Saturday, April 5, 2008
UWI was closed on Good Friday so Rich and I took the opportunity to go out and explore Trinidad’s north east peninsula. There were high seas and waves large enough to flood some of the buildings along the coast so we didn’t do any swimming in the ocean or snorkeling on this trip but we did see some beautiful beaches and got in two lovely hikes in the rain forest. As with most hiking and camping tales, this one is best told in pictures so take a good look at the slide show. To see a bigger version, double click on the slides or go to
We got up early friday morning and packed up the car with food, clothes and hiking gear and head in the direction of Matura where we’d seen the turtles Tuesday night. Our first stop was at Salybia, a few miles north of Matura. There is a resort on the beach there where I am planning to hold a small conference so we took the opportunity to tour the resort. It is indeed a lovely secluded spot. We also walked along the coast for a bit. There is public beach with lifeguards neighboring the resort at the mouth of the Rio Seco river. As expected, the spot was fairly popular on a holiday weekend but because of the high seas the lifeguards had shut down swimming on the beach and people had to content themselves with swimming in the Rio Seco river.
Across the road were trails into the Matura National park which promised lush tropical forest. We took a short trail (~ 2 mile each way) to the Rio Seco water fall. The trail was easy to find and wound through thick tropical forest. There are supposed to be howler monkeys in this area, but they were all hiding from us. The water fall itself (see pictures) is about 20 feet high and plunges into a perfect swimming hole. As expect, this was a popular spot on a holiday weekend. When we arrived there were maybe 2 dozen people at the pool swimming, eating lunch and trying to catch crawfish in the stream below the pool. It seems that most of them belonged to one big group so when they left it was much less crowded. We enjoyed a dip in the pool and lunch in view of the falls while listening to birds and other unidentified forest creatures.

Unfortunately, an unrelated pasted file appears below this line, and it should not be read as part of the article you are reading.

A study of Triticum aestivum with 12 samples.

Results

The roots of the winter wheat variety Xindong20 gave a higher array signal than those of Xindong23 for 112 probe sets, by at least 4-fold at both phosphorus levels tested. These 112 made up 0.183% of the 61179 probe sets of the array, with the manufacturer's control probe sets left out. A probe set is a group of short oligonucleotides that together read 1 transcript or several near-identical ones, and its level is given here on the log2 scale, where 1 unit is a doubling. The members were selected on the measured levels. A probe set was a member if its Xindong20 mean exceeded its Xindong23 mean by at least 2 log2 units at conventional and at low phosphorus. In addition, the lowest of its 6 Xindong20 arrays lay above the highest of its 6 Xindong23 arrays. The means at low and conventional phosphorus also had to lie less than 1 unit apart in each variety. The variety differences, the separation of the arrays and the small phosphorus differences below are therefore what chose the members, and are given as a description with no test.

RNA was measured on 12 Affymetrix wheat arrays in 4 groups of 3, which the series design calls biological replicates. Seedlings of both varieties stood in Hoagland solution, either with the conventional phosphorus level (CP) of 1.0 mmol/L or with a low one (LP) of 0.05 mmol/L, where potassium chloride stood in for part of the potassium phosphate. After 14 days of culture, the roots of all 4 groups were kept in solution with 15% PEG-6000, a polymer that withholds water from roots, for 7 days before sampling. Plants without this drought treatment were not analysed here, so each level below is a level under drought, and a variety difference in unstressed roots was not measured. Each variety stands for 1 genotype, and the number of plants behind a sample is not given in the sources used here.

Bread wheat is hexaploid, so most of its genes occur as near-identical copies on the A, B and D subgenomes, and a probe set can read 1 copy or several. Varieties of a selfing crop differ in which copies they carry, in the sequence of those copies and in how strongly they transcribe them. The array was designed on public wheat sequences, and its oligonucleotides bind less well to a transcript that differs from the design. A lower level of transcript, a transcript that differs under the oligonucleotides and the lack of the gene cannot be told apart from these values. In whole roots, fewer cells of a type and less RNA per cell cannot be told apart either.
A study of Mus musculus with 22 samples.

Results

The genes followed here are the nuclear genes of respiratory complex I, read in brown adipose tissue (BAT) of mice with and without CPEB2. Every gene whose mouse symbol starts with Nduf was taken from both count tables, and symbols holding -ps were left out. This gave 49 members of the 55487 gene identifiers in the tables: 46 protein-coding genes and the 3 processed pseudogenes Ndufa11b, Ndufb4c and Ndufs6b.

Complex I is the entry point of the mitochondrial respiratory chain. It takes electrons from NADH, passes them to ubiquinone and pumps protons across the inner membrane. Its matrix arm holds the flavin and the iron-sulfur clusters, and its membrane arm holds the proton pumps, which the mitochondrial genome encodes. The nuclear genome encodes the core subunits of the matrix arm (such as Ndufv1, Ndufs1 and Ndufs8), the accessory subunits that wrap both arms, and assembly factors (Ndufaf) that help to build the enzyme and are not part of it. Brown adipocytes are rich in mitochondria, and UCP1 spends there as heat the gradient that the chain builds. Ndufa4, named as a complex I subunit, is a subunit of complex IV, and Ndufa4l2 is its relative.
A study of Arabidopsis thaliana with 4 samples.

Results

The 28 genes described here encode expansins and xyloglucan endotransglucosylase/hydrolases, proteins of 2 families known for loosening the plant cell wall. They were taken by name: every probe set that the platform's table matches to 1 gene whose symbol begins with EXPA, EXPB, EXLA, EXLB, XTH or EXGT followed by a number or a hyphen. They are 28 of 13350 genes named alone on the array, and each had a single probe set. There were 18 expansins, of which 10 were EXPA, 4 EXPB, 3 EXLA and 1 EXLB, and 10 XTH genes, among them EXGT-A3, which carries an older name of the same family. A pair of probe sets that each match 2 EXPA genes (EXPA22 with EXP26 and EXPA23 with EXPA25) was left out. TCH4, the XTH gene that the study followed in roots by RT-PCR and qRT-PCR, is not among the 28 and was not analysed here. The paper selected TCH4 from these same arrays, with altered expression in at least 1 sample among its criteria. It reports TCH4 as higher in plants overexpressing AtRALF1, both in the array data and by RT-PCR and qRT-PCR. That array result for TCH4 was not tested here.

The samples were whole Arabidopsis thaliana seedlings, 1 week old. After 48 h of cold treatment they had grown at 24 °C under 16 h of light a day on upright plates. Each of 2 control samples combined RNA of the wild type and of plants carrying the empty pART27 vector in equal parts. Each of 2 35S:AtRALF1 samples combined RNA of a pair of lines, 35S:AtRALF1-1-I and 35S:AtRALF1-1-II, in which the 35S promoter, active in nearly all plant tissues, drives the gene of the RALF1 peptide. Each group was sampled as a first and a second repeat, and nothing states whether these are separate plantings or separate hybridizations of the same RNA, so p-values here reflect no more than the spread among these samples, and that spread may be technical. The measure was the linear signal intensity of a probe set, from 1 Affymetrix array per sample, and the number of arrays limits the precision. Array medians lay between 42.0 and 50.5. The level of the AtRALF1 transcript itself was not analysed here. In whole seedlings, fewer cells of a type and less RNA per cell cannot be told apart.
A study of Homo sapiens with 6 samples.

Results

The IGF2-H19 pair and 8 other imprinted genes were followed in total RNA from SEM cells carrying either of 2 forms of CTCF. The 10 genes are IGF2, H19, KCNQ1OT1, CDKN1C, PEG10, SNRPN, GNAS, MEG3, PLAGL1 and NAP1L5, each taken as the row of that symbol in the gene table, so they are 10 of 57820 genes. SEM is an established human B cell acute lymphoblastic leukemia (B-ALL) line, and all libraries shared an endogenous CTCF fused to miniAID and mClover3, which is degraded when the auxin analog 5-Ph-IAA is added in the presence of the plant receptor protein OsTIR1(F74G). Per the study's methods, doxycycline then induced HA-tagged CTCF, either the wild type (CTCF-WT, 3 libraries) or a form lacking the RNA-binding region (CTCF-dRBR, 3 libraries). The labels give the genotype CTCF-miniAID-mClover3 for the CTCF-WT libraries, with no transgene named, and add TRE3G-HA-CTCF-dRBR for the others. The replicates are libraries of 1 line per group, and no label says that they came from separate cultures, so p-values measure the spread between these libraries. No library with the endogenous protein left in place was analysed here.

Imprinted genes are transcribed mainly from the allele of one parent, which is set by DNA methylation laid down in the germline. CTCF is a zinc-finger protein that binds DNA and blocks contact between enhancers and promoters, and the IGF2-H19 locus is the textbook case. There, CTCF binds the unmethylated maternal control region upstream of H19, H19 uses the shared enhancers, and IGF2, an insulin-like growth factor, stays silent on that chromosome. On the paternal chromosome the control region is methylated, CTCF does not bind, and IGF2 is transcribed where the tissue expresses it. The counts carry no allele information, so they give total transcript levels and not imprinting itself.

That night we camped by the lighthouse at Galleria Point, the eastern most tip of Trinidad. From the point we could see Tobago in the distance. We enjoyed watching the pelicans fish as the waves rolled in and the sunset. There is a very interesting sea spout at Galeria Point. When big waves come in, water sprays up from a dozen or so small holes in the rocky point. Because of the high seas we enjoyed frequent bursts from the spouts. For dinner we had a green coconut we found along the way along with the cornbread, cheese, bananas and mangos.
Saturday we drove out to Matelot where the coastal road ends. From that point there is a roughly 25 mile trail connecting to the road from the west. We estimate that we hiked rough 7 miles in along this trail (14 round trip) where we saw lush forest, beautiful flowers, rivers and streams and an occasional glimpse of the coast line through the trees. Along the trail we came across several of the trees we’d learned to identify on Monos Island even though this was a much wetter region. Cocoa was once raised in the area and so we saw quite a few Cocoa trees. Cocoa is commonly grown with oranges which provide needed shade for the smaller cocoa plants. We passed several orange trees, one of which had just dropped a perfectly ripe and beautiful orange in our way (yum).
Since I want you all to come and visit, I’m not going to tell you about bad roads, getting the car stuck in the mud, the deadly poisonous snake, the stinging ants, or the chiggers. Come any way. Its beautiful. We had fun and so will you.